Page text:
27th Jan 2021

Ex-Nazi officer dodges EU extradition rules

Denmark has expressed disappointment over a German court's refusal to extradite a war crimes suspect - a former SS officer - on a legal technicality, exposing weakness in the EU arrest warrant scheme.

"I will not hide the fact that I would have liked to see another ruling," Danish justice minister Lene Espersen said Monday (5 February). "We have in Denmark fought to have Soren Kam extradited to face court, but we must of course respect the German court ruling."


Mr Clemmensen was unarmed and killed by eight shots from three different guns: one of the shooters faced court and was executed in 1946, one has vanished without trace and Mr Kam was found after undercover journalists saw him at a Nazi gathering in Austria in 1995.

Mr Kam in 1998 admitted shooting Mr Clemmensen but claimed the act was "self-defence," while complaining that he is now too frail to face trial. "I am 85 and ill and I don't see well. I can't [cope] anymore," he told Danish news agency Ritzau.

Denmark had expected the extradition to be a formality under the EU warrant scheme, which came into force in 2004 to smooth procedures for extradition of serious criminal suspects from one EU state to another.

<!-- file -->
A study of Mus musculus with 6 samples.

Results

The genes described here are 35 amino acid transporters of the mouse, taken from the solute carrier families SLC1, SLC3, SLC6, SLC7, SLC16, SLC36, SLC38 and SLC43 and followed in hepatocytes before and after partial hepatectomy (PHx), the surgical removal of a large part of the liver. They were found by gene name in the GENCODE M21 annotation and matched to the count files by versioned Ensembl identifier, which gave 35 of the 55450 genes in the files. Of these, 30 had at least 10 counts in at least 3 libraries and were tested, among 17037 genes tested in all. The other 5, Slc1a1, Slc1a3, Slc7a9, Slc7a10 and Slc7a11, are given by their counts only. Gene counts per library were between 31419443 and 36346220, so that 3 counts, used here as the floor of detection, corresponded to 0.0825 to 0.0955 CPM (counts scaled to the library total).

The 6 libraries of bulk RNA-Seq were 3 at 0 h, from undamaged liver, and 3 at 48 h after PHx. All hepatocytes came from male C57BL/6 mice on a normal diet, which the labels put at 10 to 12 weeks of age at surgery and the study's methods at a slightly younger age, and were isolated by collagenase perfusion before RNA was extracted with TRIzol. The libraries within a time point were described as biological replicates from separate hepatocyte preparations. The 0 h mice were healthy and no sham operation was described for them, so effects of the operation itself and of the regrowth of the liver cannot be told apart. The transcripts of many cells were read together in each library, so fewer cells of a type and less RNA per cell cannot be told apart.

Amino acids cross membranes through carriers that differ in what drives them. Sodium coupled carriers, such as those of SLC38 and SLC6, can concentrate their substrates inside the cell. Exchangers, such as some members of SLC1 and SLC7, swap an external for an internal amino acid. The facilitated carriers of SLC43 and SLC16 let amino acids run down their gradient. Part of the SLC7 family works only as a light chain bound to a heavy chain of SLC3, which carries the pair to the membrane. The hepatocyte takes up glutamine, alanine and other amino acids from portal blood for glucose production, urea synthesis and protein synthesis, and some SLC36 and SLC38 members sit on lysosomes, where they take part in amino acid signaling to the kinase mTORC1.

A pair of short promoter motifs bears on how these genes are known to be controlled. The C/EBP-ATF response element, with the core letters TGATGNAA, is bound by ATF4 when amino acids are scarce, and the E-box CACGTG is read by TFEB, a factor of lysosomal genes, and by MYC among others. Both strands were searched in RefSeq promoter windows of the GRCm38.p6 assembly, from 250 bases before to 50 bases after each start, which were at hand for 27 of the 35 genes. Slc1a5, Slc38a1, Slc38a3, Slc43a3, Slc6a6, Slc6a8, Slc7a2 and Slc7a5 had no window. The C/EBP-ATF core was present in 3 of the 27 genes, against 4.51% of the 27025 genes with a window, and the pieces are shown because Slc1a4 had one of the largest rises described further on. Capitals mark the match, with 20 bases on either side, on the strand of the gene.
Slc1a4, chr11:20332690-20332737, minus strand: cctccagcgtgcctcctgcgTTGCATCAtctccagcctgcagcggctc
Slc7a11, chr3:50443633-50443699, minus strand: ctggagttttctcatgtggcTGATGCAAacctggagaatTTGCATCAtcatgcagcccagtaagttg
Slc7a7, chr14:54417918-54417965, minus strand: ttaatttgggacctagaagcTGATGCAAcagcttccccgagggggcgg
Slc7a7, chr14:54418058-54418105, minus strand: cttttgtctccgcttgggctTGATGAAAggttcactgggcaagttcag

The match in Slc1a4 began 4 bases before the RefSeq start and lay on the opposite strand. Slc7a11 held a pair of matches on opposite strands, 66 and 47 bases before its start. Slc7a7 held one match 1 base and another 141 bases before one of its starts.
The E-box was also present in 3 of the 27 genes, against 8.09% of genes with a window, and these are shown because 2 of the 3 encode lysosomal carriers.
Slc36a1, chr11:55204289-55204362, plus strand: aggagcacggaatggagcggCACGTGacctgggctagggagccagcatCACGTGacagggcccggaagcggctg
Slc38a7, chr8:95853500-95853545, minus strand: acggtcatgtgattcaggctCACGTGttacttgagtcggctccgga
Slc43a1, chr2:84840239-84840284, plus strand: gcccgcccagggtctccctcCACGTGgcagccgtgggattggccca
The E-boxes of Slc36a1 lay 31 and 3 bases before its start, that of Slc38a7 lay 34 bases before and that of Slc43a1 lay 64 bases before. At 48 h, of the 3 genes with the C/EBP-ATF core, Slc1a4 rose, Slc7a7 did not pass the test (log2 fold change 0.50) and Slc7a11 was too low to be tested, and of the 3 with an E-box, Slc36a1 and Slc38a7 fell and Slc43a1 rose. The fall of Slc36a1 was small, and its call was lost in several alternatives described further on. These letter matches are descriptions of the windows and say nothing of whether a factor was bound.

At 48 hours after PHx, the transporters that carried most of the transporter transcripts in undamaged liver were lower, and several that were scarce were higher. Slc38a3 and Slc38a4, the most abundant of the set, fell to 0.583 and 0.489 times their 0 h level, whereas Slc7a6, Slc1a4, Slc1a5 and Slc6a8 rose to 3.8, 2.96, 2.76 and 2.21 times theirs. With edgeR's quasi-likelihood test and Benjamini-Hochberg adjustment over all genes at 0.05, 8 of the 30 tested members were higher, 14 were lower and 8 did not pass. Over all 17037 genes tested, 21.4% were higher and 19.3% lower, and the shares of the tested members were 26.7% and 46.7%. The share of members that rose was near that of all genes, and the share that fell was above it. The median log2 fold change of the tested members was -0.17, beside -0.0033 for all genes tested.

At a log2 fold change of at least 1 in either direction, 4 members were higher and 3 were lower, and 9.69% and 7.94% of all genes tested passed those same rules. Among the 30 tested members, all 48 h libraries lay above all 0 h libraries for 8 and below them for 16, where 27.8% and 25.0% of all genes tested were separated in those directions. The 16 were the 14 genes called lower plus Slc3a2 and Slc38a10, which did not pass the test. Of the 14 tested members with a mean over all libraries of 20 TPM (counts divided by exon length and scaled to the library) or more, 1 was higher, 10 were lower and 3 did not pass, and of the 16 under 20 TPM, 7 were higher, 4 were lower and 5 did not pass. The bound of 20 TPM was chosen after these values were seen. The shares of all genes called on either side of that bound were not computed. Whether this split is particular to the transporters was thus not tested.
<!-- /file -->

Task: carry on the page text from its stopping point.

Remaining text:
Mutual recognition of criminal decisions

The EU warrant lists 32 offences to which the principle of "mutual recognition" applies, meaning that a judge in member state A does not have to approve an accusation in member state B before extraditing its citizen to member state B.

Denmark indicted Mr Kam on four out of the 32 counts, including murder.

"The presumption is that the judge does not have to double-check," CEPS think-tank expert Florian Geyer told EUobserver, adding that the so-called "mutual recognition of criminal decisions" is one of the cornerstones of the whole EU warrant scheme.

But Germany has secured a special exemption from the normal EU warrant rules, meaning that Mr Kam can stay at home after courts in Bayern found him guilty of manslaughter "only" - a crime that is not covered by the 32-point EU mandate.

"When a German has committed a crime abroad, the German juristiction must also be investigated...and in this case Mr Kam's German citizenship saves him from being extradited," a spokeswoman for the Bayern court told Ritzau. "It is legally quite complicated."

The European Arrest Warrant was put in place in the aftermath of the 9/11 US terrorist attacks to help process terrorism suspects. It replaced previous procedures based on bilateral agreements between individual EU countries.

"[The warrant] is one of the key instruments we have in combating organised crime and terrorism," European Commission spokesman Friso Roscam-Abbing said. "The German judge has made use of one of the exceptions to the general, war criminals are to be brought to justice."